Saudi Arabia has long been considering the purchase of S-400 anti-aircraft missile systems from Russia. However, should it go ahead with this purchase, the United States is highly likely to protest.
As Reuters reported two weeks ago: “Any progress on long-mulled Saudi plans to purchase the Russian S-400 surface-to-air missile systems would cause disquiet in Washington, which is sending 3,000 troops and additional air defence systems to Saudi Arabia.”
The US has already reacted strongly to Turkey’s purchase of the S-400 missile systems by banning the country from purchasing F-35 fighter jets despite the fact that Turkey is not the only NATO ally with Russian technology that the US deems incompatible with its own.
Saudi Arabia’s interest in buying Russian defence systems goes back at least two years, when the kingdom’s al Arabiya television reported that the country had agreed to buy the S-400. The announcement came during a visit by King Salman to Moscow on October 5, 2017.
More recently, Russia’s President Vladimir Putin visited Saudi Arabia on October 14 this year, his first in over a decade. Before he visited, Putin had offered to provide S-400 missile defence systems to the kingdom, and offered to be a negotiator between Sunni Muslim Saudi Arabia and Shia Iran “given good ties with both sides”.
Putin’s offer of selling S-400 missile systems to Saudi Arabia came on the heels of a drone attack on the kingdom’s oil fields which the Houthis claimed and the kingdom accused Iran of being responsible for.
Writing for CNBC, Carlos Pascual, Senior Vice President for Global Energy and International Affairs at IHS Markit, noted: “[The damage to the oil fields] may have cost a few million, but the September 14 drone and cruise missile attack on Saudi Arabia exacted immediate economic damages measured in billions. The burning fields and twisted metal illuminate risks that could cost the world trillions.”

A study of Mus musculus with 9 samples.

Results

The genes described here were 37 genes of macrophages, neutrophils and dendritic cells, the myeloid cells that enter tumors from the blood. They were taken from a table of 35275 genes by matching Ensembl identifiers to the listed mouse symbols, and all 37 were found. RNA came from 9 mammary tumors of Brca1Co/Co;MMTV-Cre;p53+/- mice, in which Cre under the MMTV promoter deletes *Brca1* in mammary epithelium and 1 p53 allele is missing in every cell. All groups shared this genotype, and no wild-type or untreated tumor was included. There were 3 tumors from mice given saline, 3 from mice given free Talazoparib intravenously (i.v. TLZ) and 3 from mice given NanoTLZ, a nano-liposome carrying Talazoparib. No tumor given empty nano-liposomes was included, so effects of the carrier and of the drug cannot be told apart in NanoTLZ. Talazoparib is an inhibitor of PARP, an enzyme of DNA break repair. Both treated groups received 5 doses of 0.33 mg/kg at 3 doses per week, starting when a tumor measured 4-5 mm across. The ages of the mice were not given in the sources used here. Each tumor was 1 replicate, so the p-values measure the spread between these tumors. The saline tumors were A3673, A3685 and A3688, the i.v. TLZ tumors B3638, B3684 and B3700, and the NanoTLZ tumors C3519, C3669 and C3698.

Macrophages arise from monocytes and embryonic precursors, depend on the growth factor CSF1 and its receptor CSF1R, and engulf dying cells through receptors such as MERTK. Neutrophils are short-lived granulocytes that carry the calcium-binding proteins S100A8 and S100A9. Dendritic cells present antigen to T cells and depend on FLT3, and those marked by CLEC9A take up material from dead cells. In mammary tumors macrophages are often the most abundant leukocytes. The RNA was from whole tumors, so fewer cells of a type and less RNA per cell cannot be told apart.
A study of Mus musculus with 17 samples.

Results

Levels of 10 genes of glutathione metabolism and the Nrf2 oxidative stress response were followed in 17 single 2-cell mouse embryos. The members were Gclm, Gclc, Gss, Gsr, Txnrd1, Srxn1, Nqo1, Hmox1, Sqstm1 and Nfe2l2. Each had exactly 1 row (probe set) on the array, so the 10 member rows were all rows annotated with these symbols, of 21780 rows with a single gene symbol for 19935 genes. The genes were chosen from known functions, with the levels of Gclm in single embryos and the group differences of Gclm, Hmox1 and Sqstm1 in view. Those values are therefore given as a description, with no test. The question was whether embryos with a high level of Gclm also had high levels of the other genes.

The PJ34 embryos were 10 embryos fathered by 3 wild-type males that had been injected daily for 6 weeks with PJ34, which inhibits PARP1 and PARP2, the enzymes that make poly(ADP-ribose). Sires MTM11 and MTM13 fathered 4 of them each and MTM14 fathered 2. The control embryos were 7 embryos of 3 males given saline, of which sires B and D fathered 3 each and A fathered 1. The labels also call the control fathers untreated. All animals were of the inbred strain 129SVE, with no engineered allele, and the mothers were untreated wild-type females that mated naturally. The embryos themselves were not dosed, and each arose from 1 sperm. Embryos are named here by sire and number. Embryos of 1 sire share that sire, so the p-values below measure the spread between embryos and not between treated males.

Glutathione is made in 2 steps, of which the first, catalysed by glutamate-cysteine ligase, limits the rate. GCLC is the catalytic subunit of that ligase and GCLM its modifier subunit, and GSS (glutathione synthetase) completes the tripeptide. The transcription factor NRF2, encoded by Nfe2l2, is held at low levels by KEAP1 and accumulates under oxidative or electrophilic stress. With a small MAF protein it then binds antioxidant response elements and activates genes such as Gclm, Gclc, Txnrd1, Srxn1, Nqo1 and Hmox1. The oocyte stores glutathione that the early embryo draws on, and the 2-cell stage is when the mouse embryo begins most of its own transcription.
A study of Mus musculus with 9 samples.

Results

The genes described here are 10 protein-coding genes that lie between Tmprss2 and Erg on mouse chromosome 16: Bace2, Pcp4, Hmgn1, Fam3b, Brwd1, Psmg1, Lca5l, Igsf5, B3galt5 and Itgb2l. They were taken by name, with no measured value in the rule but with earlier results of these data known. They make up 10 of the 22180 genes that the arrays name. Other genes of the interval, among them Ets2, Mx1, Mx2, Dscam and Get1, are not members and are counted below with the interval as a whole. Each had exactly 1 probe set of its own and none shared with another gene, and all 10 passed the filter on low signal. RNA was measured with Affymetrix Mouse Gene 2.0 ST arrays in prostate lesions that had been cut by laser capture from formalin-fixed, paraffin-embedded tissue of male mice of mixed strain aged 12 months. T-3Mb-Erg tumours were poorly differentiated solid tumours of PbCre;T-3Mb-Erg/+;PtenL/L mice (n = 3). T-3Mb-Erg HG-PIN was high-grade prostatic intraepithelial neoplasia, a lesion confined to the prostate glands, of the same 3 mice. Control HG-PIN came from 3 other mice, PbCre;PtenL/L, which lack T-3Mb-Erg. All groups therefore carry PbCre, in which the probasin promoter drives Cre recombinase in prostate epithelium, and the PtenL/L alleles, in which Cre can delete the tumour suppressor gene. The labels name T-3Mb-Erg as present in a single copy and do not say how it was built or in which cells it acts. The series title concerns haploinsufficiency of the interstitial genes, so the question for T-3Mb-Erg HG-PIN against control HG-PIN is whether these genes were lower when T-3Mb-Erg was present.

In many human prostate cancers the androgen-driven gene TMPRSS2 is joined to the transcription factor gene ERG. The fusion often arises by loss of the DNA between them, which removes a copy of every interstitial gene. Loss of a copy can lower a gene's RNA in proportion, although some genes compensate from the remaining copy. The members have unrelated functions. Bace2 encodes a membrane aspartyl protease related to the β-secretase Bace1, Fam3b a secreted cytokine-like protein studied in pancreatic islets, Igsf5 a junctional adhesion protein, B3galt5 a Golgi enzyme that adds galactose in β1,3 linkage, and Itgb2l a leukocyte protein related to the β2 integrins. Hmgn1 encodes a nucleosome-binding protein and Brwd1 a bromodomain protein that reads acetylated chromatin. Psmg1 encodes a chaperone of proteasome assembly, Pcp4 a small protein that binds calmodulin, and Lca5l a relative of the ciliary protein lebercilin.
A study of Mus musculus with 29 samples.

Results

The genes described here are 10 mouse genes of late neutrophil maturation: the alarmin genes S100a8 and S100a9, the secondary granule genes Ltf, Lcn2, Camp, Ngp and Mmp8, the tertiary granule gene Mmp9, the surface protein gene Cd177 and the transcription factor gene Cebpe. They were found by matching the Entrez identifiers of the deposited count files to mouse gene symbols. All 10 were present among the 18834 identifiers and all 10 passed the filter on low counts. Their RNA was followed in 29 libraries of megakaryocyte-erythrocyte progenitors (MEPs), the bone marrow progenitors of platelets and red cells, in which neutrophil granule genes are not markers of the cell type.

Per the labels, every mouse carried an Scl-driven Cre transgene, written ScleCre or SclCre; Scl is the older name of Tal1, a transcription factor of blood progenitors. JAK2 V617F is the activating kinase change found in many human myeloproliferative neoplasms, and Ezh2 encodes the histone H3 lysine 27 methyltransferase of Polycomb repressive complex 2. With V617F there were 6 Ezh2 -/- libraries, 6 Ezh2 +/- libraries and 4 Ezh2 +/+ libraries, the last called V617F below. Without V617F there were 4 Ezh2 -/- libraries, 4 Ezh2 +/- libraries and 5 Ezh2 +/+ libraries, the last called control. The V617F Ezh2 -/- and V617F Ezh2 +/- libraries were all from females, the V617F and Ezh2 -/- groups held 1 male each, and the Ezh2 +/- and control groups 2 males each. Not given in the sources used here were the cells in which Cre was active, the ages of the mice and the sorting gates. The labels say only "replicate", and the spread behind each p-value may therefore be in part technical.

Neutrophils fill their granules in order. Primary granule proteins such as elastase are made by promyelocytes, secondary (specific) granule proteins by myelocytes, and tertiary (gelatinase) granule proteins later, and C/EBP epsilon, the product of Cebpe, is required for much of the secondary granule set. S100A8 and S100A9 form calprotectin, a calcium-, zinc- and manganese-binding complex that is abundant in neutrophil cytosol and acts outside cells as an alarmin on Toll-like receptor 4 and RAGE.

On September 16, Putin was offering the Saudis a way to defend themselves from costly terror risks. During a news conference after a meeting on Syria with Turkey’s President Recep Tayyip Erdogan and his Iranian counterpart Hassan Rouhani, Putin said: “The Quran says that any kind of violence is unacceptable, except for one kind of violence, when you protect your people.”
He continued: “We are ready to help Saudi Arabia protect their people. They need to make clever decisions, as Iran did by buying our S300, as Mr Erdogan did by deciding to buy the most advanced S400 air defence systems.”
He added: “These kinds of systems are capable of defending any kind of infrastructure in Saudi Arabia from any kind of attack.”
The New York Times noted that Putin’s comments were met with laughter from Rouhani and Iran’s Foreign Minister Mohammad Javad Zarif.
Yet Mark N Katz, writing for the think tank Atlantic Council, urged readers to look deeper. “Rouhani’s and Zarif’s laughter at Putin’s offer to sell air defence missiles to Saudi Arabia, then, may not have been a sign that they did not take his offer seriously,” he said.
“Instead, it may have been more reflective of their dismay and resignation about how, just as Putin was not supporting Iran against Israel, he was now signalling that he would not support it against Saudi Arabia either.”
Katz also shed light as to why Saudi Arabia has been in talks to purchase the S-400 system from Russia for years, but still hasn’t confirmed it. He wrote: “Partly, it is believed, due to US pressure on the Saudis not to go through with it.”
Katz added: “Moscow may see the recent attack on Saudi Arabia as an opportunity to persuade the Saudis that the United States cannot adequately protect them, but that Russia can.”